According to the regulator Ofgem, millions of energy customers could save hundreds of pounds a year on their energy bills without switching supplier. By simply moving to another Npower tariff, more than 1.7 million Npower customers could save £261 a year. According to Ofgem, as many as 6.6 million British Gas customers could save £129 a year. Although, British Gas says that they have changed their prices, so the saving is now only £43. The figures have also revealed that SSE has almost all of its customers on the most expensive form of tariff. 91% of SSE customers are on standard variable tariffs, compared to just 9% at First Utility. As most fixed deals are cheaper, the number of people stuck on standard tariffs is controversial. 66% of households are on standard tariffs, as a whole in the UK. Although, Npower have said that customers were unlikely to be able to save £261 a year, as fixed-price deals were usually limited to a certain number of customers. The deal is withdrawn once a certain number of people have signed up.
The business and energy secretary, Greg Clark, met energy suppliers last month, amongst claims that some of them were making large profits from customers who are on standard variable tariffs. The industry has come under pressure to reduce its prices for standard tariffs, but has denied profiteering. As a result, three of the biggest suppliers have frozen their tariffs through the winter. “Millions of people across Britain continue to pay too much for their energy,” said Mr Clark. “The measures announced today are a positive step to help more people benefit from increased choice and competition.” Ofgem published its comparison table to highlight the difference between the cheapest and most expensive tariffs.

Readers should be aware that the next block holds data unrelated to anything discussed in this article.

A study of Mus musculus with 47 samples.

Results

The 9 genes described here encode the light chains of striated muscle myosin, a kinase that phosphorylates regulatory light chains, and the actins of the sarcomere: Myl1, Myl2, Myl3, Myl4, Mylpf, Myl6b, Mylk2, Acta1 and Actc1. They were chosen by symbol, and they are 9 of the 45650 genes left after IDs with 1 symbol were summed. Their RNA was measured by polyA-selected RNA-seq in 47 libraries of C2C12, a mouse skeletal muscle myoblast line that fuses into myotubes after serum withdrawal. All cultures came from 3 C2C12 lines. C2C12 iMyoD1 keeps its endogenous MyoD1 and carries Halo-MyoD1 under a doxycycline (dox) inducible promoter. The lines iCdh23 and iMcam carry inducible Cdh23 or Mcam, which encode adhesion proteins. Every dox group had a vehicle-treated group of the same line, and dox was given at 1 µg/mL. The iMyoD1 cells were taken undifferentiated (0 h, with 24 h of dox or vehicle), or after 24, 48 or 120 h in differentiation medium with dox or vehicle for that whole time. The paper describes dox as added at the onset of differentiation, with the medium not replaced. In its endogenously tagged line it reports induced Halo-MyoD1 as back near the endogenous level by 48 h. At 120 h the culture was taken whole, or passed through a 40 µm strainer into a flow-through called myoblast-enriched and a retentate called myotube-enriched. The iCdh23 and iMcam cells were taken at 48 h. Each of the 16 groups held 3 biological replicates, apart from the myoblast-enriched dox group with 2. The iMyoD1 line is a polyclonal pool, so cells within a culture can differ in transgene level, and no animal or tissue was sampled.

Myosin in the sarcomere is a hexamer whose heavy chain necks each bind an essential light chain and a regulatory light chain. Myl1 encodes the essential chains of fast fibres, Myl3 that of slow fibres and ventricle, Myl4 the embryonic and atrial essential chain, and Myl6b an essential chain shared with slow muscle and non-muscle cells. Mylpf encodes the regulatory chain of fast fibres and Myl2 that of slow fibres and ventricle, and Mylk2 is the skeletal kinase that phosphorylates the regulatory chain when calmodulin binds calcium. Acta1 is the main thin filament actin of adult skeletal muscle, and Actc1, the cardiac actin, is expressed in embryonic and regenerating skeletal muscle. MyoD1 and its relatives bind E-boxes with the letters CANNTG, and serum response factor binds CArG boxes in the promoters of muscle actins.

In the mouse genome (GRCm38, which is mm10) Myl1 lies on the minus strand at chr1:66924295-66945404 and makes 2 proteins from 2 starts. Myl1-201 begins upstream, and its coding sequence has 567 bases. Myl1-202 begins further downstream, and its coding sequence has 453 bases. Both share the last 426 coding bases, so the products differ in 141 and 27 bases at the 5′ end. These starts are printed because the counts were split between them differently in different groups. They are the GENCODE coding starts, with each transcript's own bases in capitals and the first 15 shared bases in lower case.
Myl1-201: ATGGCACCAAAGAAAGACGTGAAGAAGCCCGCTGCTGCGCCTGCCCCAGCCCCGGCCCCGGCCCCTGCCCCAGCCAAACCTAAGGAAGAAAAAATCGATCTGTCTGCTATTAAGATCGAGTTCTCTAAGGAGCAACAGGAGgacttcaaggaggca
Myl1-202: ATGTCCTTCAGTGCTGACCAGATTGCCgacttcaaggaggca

|Standard Variable Tariffs (SVTs)|
|Supplier||% of customers on SVTs||Difference between SVT and cheapest deal|
|British Gas||74%||£129 (now £43)|
|*tariffs are SVT for pre-payment meters|
Citizens Advice said that the table will help customers, but energy firms could still do more to help. “We’d like to see energy companies do more off their own back to help customers who are on a low income, like moving them to a cheaper deal,” said Gillian Guy, the chief executive of Citizens Advice. For the 10 million households which have been on standard tariffs for more than three year, the Competition and Markets Authority (CMA) confirmed that is going ahead with plans to help them. From next year, suppliers will have to tell Ofgem which of its customers have not switched tariffs. They will be sent details of better deals, prompting them to move, if customers consent.